Update on the California New Employment Credit (NEC)

Max Shenker

When California did away with its enterprise zone tax incentive program in 2013, it replaced that program with three new tax incentives: (1) the California Competes tax credit, (2) a partial sales tax exemption on manufacturing and R&D related equipment, and (3) the New Employment hiring tax credit (NEC). At the time, a press release from Governor Brown noted: “The new Initiative will be funded by redirecting approximately $750 million annually from the state’s outdated and ineffective Enterprise Zone program.” In order to obtain the necessary bi-partisan support, the legislation needed to be revenue neutral and shift the economic incentives from the enterprise zone program to the new programs.

Regarding the NEC in particular, we noted:

For the NEC, the legislation required that FTB publish the names of taxpayers who claimed the NEC and the amounts claimed. The FTB recently published the first list which pertains to the 2014 tax year. So far, 37 taxpayers have claimed a total of $299,164 in NEC tax credits.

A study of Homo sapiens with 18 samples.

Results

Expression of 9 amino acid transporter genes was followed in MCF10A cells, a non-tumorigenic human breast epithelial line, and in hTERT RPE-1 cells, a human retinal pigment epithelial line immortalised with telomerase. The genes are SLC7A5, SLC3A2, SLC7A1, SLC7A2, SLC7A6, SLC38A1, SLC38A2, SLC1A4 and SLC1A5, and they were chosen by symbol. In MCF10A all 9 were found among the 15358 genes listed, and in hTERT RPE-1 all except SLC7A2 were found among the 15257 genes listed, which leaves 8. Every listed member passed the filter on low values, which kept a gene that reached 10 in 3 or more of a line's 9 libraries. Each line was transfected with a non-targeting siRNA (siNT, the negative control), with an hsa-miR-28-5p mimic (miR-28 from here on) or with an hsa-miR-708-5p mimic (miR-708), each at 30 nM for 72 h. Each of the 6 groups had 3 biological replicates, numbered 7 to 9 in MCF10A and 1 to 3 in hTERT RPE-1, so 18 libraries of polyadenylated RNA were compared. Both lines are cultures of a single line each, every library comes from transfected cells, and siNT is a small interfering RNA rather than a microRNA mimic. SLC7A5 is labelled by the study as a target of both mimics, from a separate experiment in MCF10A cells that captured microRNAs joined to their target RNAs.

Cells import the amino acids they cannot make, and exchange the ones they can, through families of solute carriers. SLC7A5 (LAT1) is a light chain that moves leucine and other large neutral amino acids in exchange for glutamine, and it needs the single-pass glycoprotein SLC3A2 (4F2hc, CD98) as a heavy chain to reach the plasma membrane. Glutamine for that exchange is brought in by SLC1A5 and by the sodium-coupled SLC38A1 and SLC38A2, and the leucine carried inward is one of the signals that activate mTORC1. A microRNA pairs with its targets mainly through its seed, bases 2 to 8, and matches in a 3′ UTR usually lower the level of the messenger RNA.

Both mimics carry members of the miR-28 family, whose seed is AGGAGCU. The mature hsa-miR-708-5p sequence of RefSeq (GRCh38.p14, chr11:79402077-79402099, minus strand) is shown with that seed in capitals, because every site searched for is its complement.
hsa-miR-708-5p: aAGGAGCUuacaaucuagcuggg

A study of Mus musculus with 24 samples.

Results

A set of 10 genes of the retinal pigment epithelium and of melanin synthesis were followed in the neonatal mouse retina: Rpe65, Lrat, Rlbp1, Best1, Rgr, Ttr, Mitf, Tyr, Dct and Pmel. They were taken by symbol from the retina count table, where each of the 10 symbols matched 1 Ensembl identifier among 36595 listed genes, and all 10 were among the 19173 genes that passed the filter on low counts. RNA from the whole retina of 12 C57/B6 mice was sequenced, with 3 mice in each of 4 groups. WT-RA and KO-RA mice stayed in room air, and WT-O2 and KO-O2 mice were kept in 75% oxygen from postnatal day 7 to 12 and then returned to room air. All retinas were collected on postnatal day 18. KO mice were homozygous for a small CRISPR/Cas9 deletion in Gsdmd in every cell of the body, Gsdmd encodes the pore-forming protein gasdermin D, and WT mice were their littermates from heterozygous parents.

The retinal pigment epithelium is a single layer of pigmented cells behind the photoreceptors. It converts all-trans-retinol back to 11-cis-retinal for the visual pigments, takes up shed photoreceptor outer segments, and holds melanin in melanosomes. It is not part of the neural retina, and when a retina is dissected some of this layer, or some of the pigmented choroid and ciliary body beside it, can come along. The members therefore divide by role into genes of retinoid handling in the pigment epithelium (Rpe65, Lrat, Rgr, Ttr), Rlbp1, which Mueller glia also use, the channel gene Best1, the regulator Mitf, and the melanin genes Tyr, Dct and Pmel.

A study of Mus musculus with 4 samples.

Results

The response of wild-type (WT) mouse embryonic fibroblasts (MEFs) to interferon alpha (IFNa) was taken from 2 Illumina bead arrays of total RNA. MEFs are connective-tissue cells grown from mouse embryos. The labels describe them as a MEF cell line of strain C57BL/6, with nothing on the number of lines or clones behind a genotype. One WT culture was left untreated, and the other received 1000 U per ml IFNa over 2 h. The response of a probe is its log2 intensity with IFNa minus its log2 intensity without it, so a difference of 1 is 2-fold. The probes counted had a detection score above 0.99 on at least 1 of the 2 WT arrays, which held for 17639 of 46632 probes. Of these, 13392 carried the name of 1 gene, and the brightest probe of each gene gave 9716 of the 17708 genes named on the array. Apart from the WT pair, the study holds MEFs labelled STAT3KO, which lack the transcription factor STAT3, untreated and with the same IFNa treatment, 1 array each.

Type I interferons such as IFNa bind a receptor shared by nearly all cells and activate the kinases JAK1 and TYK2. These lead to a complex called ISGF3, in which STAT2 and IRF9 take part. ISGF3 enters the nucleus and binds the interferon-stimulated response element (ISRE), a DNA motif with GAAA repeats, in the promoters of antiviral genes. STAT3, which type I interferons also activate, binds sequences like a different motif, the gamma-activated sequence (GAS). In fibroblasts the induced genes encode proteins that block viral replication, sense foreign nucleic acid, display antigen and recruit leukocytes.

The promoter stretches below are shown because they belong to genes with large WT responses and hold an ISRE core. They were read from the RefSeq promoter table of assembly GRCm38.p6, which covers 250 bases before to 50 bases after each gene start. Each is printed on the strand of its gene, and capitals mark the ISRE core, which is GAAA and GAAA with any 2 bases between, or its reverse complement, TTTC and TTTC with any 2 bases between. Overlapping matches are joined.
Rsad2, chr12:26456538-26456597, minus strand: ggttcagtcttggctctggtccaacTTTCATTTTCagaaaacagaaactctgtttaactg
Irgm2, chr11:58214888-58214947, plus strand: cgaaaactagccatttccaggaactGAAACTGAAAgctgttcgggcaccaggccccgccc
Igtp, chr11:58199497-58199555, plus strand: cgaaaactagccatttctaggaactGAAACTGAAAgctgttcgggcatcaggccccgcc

$200 million for California Competes, plus about $200 million for the sales tax exemption comes to about $400 million. That leaves about $350 million before reaching the revenue neutral $750 million mark which convinced legislators to eliminate the enterprise zones. So far, the NEC is providing less than one tenth of one percent of that benefit to California businesses.

On March 27, 2017 the FTB updated their webpage publicizing the NEC credits claimed by various companies for tax years 2014 and 2015.

The total amount of credit utilized for tax year 2014 was revised upward from $299,000 to $340,822. The amount utilized in tax year 2015 was double that: $693,323.

Nevertheless, a program that was sold the the legislature as providing several hundred million in business incentives a year is still significantly under-performing that promise.